I cannot understand why people try to put different camera into "Pro", "Semipro (Pro-am)" and "Amatuer". Are they based on reliability?functionality? price? sensor size? metal vs platsic body?or status?? For me they are all artificially drawn fussy grey lines.I am sure that if you pick any of the above 6 criteria, you can find a sample to reverse the role between the Pro and the amatuer. With DSLR, the electronics will fail without warning.Therefore any pro will have at least one spare body all the time. So the reliabilty will be out of the picture. The newest plastic body camera have more function than the "pro' model even from a year ago. Also the 5D II is priced around $2500. So the line for functionalty, sensor size and plastic body is really burred. Due to the relative cheap price of ALL DSLR. People can buy any model as long as they want it and can afford it. So the line for price and status also become burred. A lot od amature are using pro model for that reason. So why should we try to bin the differeent models? May be the only thing left the price and status to show off.
I find that the best way to determine if it is a pro camera is to check the 6 inches behind the viewfinder
Seriously though...there are always some people who have more camera than ability...that is true of a lot of things. Not everyone who has a Porsche really knows how to use everything on that car. For a lot it is a status symbol, you're right. But there are also some poeple who really know how to use them to their full potential.
There are still people who think that a good camera will help them take good pictures and so they buy way more gear than they need. I was a professional photographer for 5 years (by professional, I mean that is how I made all of my money), and I still take photo jobs on the side now, and one of my biggest pet peeves is when someone will say "wow, that is a great picture...you must have a good camera!" That is as insulting as telling a cook "the meal was great, you must have an awesome oven!"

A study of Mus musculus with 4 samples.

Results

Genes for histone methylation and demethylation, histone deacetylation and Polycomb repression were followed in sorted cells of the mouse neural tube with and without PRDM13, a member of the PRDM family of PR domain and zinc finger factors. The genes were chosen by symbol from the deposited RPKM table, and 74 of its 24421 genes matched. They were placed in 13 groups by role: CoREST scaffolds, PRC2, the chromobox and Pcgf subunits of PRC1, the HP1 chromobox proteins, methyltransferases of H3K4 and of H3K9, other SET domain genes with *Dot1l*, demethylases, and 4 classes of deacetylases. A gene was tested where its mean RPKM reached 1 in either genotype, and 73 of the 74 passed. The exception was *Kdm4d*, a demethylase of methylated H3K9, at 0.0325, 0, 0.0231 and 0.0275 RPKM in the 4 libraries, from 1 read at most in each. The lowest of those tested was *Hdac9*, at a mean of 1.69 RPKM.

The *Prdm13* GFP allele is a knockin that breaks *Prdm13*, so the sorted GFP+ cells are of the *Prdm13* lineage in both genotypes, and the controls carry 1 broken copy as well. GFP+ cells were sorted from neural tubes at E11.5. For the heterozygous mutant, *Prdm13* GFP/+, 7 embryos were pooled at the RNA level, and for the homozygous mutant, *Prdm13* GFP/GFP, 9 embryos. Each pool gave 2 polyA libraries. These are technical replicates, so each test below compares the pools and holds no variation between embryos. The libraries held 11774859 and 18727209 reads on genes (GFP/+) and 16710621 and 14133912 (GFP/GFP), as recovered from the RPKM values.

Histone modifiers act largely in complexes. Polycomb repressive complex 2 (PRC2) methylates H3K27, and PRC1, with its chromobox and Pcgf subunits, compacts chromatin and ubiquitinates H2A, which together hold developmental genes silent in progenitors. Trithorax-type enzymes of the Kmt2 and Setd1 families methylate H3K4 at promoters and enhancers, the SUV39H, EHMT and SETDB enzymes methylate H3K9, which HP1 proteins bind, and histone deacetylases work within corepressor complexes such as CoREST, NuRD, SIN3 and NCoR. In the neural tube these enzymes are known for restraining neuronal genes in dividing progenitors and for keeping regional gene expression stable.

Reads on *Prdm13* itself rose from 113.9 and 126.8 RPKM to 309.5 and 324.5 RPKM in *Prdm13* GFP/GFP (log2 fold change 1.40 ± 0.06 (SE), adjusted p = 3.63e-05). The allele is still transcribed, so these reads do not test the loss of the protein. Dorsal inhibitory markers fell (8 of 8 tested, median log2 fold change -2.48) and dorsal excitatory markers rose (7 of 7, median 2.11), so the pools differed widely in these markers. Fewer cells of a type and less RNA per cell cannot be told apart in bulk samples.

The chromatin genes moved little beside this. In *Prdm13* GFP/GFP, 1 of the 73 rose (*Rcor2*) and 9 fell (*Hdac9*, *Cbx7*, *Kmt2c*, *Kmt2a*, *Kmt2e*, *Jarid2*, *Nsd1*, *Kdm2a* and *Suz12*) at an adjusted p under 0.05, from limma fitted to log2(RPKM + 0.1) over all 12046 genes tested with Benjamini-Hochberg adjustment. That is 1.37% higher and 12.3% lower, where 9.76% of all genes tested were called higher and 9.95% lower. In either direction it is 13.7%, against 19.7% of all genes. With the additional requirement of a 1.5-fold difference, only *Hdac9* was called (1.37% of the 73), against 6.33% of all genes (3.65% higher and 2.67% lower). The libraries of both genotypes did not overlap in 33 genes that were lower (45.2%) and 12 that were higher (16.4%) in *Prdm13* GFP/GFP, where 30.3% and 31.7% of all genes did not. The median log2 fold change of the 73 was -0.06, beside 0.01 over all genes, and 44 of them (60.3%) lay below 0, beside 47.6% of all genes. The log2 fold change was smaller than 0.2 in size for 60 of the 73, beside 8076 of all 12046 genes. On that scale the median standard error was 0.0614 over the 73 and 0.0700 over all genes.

Sorry, I got off on a tangent there. You are kind of right though, the line really is blurred. Two of those 5 years I was using a 20D almost exclusively...by the standard definition, not a "professional" camera (I occasionally used a 5D for family portraits for the extra resolution). A lot of pros only care about the final result and the cost...they are willing to pay for a better camera if they need it (ex: wedding photographer needing the faster AF and low light performance of a 1D series), but if they don't, they sure won't spend their money on it because they are interested in profit, not fancy cameras (that's why my boss got us 20Ds).